The Passion of Newark’s first Latino mayor
City hall is in flux, left-behind Booker loyalists and veterans alike anguished over their future in Newark.
In the middle of it stands Acting Mayor Luis Quintana, who despite the turbulence seemed quite cozy in his new digs-the mayors office.
As I entered, Quintana greeted me in his typical manner, with a huge bear hug. I gathered there was a great deal that he wanted to cover during our conversation.
“I love this city, I really do love this city and I want to be a much different mayor, so there will be some significant changes during my time,” said Quintana, who replaced Senator Cory Booker and will serve until June 30th of next year.
Quintana says what’s important to him is putting forth initiatives to empower women, specifically abused women.
The mayor’s mother, Margaret, was raped at the age of 14 and physically and emotionally abused. Quintana admits his mother suffered through renal cancer, which he says was caused by years of physical abuse.
Quintana has a picture of his mother prominently hung on his office wall.
I could tell this was a difficult conversation for Quintana. Although several years have passed since his mother’s death his emotion was raw and palatable. This is a man who loved his mother.
As he tearfully spoke of her, he said, “My mother had nothing, absolutely nothing. She came to the United States illiterate, a victim of rape and jobless. But my mother worked really hard, she found a job as a seamstress and sent for us in Puerto Rico, her life goal was to have her children close to her love and support us. I owe her everything. She was the best women I’ve ever known! I’m the man I am because of her.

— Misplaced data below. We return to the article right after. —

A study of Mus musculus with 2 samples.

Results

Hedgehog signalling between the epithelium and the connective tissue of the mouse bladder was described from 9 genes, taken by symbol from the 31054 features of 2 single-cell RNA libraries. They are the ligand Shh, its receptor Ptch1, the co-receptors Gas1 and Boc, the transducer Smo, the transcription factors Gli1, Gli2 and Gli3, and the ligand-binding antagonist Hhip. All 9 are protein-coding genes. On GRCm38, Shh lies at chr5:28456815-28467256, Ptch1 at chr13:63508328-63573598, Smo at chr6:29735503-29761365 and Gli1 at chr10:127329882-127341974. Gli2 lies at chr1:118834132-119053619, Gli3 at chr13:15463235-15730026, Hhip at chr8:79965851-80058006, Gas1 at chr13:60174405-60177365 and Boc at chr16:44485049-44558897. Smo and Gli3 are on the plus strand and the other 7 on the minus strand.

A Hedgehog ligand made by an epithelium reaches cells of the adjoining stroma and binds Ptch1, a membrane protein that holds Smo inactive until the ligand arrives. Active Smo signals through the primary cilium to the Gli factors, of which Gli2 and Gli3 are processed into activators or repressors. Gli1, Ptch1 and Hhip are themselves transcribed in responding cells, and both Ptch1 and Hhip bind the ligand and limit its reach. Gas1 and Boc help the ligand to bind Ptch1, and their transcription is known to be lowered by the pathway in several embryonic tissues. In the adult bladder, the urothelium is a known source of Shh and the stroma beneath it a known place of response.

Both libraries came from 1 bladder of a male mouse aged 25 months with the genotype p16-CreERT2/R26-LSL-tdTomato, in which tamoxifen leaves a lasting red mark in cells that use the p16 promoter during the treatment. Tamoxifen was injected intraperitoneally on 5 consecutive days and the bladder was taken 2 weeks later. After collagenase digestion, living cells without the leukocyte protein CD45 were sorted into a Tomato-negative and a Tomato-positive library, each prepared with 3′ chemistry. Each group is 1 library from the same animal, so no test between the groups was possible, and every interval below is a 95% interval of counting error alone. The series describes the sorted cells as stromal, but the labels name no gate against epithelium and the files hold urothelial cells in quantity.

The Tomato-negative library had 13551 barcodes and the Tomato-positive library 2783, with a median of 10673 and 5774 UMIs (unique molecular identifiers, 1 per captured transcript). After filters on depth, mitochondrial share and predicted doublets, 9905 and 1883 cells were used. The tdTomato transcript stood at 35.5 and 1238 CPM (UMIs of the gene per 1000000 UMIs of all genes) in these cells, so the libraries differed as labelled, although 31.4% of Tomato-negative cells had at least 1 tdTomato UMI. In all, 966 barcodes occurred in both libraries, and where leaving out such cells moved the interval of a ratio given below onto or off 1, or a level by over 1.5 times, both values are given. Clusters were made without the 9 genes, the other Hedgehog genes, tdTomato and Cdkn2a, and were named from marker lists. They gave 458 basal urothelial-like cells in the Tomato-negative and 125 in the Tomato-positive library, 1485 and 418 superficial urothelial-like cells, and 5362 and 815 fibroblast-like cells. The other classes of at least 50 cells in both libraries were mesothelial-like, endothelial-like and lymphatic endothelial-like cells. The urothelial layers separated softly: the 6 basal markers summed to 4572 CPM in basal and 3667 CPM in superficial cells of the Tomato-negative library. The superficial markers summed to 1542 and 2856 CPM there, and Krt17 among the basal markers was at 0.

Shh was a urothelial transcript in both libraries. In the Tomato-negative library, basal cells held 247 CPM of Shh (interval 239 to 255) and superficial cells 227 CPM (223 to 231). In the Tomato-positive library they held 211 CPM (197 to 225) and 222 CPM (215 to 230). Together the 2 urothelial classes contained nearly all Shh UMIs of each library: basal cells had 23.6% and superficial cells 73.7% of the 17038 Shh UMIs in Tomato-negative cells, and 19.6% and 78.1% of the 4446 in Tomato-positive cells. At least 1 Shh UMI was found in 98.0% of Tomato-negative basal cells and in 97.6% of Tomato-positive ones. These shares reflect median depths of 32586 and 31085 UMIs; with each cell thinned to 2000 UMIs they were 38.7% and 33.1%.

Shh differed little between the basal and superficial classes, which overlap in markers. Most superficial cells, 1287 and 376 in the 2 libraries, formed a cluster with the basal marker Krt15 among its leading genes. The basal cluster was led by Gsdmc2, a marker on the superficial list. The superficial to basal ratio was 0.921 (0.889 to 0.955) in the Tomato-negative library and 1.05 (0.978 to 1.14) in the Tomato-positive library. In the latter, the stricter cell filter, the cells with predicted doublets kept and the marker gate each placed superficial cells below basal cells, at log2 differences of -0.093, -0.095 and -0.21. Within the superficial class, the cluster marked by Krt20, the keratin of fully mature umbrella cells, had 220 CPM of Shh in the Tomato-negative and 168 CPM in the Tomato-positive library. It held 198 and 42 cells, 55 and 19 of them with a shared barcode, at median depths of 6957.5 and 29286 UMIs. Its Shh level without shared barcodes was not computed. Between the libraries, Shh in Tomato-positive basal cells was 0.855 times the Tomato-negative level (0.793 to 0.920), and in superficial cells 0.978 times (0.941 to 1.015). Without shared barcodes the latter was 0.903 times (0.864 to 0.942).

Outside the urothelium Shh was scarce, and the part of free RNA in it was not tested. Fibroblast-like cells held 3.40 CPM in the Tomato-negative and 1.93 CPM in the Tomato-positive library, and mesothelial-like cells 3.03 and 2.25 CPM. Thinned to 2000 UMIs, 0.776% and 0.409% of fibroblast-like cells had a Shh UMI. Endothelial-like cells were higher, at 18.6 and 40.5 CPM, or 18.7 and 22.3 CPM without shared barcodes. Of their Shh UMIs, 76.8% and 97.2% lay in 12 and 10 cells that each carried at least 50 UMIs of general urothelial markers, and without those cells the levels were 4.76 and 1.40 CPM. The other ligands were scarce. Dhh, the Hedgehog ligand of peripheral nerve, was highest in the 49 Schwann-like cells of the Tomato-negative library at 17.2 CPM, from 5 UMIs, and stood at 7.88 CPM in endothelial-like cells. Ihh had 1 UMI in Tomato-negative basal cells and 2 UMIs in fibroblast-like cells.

“I want to empower women, I don’t think women really had a chance to succeed during the previous [Booker’s] administration and a lots of women’s concerns weren’t heard, much like my mother’s concerns weren’t heard and I want to change that,” Quintana added.
He said a major goal will be to start a foundation and center called “Margaret’s Help,” a center where women and children who have been abused can go and be safe and get help.
“A place where my mother never had an opportunity to go,” said the emotional mayor.
He said he’d work on making the police department more efficient and take cops off administrative duty and reassign them to the streets and boarder control. “Our kids are out there dying and our streets have been unmanned -and I’m working on fixing that.”
Other changes proposed are the elimination of deputy mayors. Revenue realized for BCDC or other quasi-government organizations will be re-appropriated to lessen Newark’s deficit. Quintana said the process will be decentralized and run more like a 600 million dollar corporation where the CEO makes the final decision.
The current council is split along racial lines, with one group consisting of East Ward Councilman Augusto Amador, At-Large councilman Carlos Gonzalez and led by Mayoral hopeful Anibal Ramos, and the other led by Mayoral candidate Ras Baraka, and including Councilwoman Mildred Crump and newly elected Councilman-At Large John James.
Perhaps the two most powerful seats on council belong to West Ward Councilman Ron Rice, who has opted out of reelection for relocation to DC; and Mayoral hopeful Central Ward councilman Darrin Sharif.
Sharif is running for mayor without the help of his father, political sensei, Carl Sharif. The senior Sharif has opted to support his son’s opponent Shaver Jeffries instead.
Both council Rice and Sharif will decide who will be the next council president. Councilwoman Mildred Crump was nominated for the position, however she failed to get the necessary votes. A councilmember speaking on condition of anonymity said “Crump winning the seat is unlikely as she has burnt too many bridges and is trying to bully her way through the process-it’s a turnoff.” The most likely candidate, insiders say, is Rice. He’s even keel and has maintained goodwill with all of his colleagues and has no other apparent political ambitions after May.
Mayor Quintana said he will not get involved.
“I respect my colleagues and their decision-making process, as such that decision should be left to them.”